Thursday, July 10, 2008
The Value of Life
In Buddhism, all life is extremely precious. The reason for this is simple. All living beings have within them an inestimable potential to achieve the perfection of Enlightenment, the state of Buddha, in their present or a future existence. This potential can of course be hidden, buried in ignorance, stifled by egocentricity, hemmed in by the flames of hatred and other mental poisons, but it is present in every being, just as the smallest sesame seed is impregnated with oil.
Ignorance simply means not being aware of that fact. We are like a beggar who does not realize that he has a pot of gold buried under his shack. To take the Buddhist path is to regain possession of this forgotten treasure, for our own good and the good of others.
But even if it is hidden in this way, the mere existence of that potential waiting to be realized gives life an incomparable value. Without it we would struggle in vain to attain perfection. If you work hard, you can extract a nugget of pure gold from a stone, but you would strive in vain for a hundred years to wash a piece of coal clean. It can never be restored to whiteness because that is not its natural color.
The obstacles to be overcome vary a great deal from one person to another, one type of living being to another. Take animals, for example. Their ignorance (in the sense used above) is so impenetrable and any means of communication that might enable them to escape it so limited that they will only be able to realize their potential for Enlightenment in a future life.If we think of all the different living species in the universe, we understand how rare and precious the human condition is. Human beings are in a unique situation: a feast, a banquet held only one day in a hundred, a privilege only to be enjoyed in one life amongst innumerable others.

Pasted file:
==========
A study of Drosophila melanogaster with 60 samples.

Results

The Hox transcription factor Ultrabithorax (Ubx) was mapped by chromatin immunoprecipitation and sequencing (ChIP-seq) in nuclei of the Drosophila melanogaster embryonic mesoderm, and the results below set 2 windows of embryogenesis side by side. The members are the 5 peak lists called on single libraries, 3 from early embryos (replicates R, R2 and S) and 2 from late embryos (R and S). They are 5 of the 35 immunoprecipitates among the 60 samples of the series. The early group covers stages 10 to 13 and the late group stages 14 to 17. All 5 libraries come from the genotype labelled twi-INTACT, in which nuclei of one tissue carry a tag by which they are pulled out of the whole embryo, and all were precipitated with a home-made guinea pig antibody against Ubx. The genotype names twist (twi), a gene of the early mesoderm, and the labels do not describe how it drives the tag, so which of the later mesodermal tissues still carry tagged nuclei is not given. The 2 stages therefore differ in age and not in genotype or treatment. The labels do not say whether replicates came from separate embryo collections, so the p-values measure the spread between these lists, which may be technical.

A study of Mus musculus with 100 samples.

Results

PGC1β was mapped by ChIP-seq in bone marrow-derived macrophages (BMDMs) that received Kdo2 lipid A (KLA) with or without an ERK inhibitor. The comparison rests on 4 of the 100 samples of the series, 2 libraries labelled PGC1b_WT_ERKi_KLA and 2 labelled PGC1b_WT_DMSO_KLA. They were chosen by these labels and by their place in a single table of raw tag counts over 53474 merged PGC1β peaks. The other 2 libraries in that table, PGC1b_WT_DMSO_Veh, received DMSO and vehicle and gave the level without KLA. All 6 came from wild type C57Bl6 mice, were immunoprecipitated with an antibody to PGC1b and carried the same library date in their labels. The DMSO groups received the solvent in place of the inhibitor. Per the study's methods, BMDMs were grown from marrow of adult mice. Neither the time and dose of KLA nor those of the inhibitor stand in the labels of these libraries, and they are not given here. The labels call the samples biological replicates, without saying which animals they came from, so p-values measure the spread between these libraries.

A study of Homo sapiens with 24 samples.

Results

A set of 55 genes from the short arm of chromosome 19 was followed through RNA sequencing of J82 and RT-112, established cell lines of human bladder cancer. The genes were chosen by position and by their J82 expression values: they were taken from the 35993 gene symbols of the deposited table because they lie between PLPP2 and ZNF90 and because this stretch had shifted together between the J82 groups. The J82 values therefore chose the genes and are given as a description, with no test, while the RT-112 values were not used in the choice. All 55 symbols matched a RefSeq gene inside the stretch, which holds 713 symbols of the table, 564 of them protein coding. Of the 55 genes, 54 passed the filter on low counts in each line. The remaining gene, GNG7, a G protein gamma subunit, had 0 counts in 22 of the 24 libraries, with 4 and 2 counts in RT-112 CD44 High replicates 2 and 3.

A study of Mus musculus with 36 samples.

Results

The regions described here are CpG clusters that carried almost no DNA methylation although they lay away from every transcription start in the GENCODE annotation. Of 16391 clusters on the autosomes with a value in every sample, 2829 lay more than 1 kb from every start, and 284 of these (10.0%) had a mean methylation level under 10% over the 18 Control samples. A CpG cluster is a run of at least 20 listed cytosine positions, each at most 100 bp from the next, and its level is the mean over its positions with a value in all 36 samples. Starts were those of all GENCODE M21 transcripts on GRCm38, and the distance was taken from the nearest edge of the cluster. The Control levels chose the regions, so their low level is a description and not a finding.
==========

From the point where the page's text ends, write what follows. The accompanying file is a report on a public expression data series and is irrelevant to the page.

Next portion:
As the great Tibetan teacher Khyentse Rinpoche explains, "If we do not take the opportunities that are offered to us, we will be like a beggar who picks up a jewel, clasps it in his hand for a moment and then throws it down in the dust, mistaking it for a piece of glass." But more seriously stil, the master goes on to say, "If we are fully aware of the value of human life, then to squander it in distractions and the pursuit of vain ambitions is the height of confusion. If a traveller returns from the treasure island empty-handed, then the incredible efforts he has made to cross the seas are all for nothing."
To be aware of the price of human life is to be like a beggar who suddenly realizes that what he is holding in his hand is not a piece of glass but a diamond, and decides straight away to use if for noble purposes. Although, through the force of intelligence, human beings are capable of perpetrating an immense amount of evil, they are also the only beings able to achieve an immense amount of good. Thus the jewel that is human life can fulfill all our aspirations. All we need to do is aspire to Enlightenment, to knowledge, love and compassion, rather than to selfishness, hatred and confusion.
(From The Rime Center for Tibetan Buddhism; originally from Buddhist Himalayas by Olivier, Follmi & Ricard).